Correction: A quotation attributed to School Committee member Mikaela D. Lalumiere is now properly attributed to member Jill Story.
Haverhill School Committee members asked Haverhill High School administrators last Thursday how they ensure all classes will have an adult present when the usual teacher is absent.
Member Richard J. Rosa brought up the issue after he said he received emails from concerned parents.
“I am hearing that there are classrooms where a teacher may be absent, we can’t get a sub, and there’s no coverage. And so, an entire class has no adult in the classroom. That’s very, very concerning to me,” he said. “We don’t even have to go over all the things that could go wrong because we’d be here all night.”
At the start of the discussion on unsupervised classes, Rosa pointed out “an altercation that involved two groups of students,” as Principal Michael J. Downs wrote in an email that went out last week, as another, albeit unrelated, safety issue.
Downs estimated 15 to 20 teachers of roughly 170 report they will be absent each day. Before school starts, Assistant Principal Thomas Wright creates a spreadsheet assigning staff members to each room left unsupervised, and sends it out over email.
Responding to a question from member Jill Story, Associate Principal Victoria Lu said they have staff rotate through coverage and do not repeatedly put the burden on the same people.
Story, who serves as an assistant principal in Reading, said, “There’s really no excuse for staff to not know if they have a period that they are supposed to be covering. I understand what this is like because I do coverage, and you can’t be in every classroom, you have to trust that the people who are the professionals are doing what they have to do.”
Stand-ins are sometimes waylaid by student crises, have to solve other problems or just forget to check their emails, according to Downs. Security guards and administrators who walk the halls notify the main office if they notice a class with no teacher, and sometimes students tell the teacher next door.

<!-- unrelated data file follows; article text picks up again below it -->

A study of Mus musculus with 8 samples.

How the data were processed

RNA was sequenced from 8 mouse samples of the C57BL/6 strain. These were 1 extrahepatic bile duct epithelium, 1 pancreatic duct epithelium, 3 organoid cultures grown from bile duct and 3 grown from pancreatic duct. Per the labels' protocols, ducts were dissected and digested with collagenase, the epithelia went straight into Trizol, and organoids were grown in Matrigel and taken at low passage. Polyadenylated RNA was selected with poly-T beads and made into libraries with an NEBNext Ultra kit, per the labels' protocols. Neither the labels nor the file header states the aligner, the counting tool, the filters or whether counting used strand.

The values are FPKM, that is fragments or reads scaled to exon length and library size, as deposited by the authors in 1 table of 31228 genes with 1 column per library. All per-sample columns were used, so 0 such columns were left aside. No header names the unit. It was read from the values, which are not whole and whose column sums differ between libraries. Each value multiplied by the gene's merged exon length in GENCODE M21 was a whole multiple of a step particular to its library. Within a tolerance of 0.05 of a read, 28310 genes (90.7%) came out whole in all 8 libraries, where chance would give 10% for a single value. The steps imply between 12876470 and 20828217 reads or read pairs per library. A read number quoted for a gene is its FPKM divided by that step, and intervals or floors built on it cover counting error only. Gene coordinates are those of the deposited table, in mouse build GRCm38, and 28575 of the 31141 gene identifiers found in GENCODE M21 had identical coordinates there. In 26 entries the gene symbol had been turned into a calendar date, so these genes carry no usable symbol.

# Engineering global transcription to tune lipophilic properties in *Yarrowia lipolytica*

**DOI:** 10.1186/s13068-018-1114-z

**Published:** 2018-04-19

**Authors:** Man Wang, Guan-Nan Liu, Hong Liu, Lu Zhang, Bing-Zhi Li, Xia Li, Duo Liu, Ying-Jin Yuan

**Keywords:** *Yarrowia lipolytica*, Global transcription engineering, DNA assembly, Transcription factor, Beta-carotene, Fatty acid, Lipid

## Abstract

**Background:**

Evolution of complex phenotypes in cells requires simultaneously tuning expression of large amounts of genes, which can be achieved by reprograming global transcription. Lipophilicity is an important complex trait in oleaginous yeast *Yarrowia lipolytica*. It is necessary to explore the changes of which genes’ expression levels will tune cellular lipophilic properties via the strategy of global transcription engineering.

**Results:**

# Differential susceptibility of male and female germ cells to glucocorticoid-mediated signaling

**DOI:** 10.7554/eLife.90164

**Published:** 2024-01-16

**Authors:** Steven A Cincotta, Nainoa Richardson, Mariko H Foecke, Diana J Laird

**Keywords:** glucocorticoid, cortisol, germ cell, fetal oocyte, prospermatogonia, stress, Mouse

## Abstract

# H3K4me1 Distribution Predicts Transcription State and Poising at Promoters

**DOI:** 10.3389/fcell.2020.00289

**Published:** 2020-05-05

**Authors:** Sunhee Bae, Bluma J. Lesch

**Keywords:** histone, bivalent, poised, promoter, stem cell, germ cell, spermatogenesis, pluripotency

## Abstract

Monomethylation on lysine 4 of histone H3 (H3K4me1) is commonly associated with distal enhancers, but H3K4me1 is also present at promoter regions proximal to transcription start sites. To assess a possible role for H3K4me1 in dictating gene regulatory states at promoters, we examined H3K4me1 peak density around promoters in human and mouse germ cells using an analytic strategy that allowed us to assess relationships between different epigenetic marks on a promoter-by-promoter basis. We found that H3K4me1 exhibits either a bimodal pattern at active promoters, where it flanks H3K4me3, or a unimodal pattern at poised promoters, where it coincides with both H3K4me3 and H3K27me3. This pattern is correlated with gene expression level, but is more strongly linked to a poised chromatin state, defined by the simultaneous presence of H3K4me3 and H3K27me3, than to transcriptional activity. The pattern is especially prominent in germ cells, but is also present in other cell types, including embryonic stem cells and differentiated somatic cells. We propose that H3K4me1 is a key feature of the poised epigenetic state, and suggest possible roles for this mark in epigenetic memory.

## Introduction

Lapses occur when no one reports to the main office. Rosa said it should not be the kids’ responsibility to tell administrators their teacher is missing, and he expressed skepticism the fault lay with individual staff and not the principals’ communication. Downs and Lu responded they have reminded staff about their coverage duties several times.
Downs said a state- and nationwide teacher shortage exacerbates the problem. The school has only three substitutes, and, though they technically have enough staff to fill the gaps, he said the size of the building can cause significant delays.
“If you go on MassHire right now I believe there are going to be 285,000 jobs posted,” he said. “It’s a market where not everybody wants to work at a school at this time, or nobody wants to work for a certain salary, or they want to work remotely.”
While member Paul A. Magliocchetti covered similar ground as Rosa, Story and Gail M. Sullivan gave suggestions. Story encouraged the principals to create a second method to confirm fill-ins’ availability. She said they use Microsoft Outlook at her school, and have teachers respond with a thumbs-up.
Rather than walk the halls at random, Sullivan said staff and security could focus on the areas they know may lack supervision.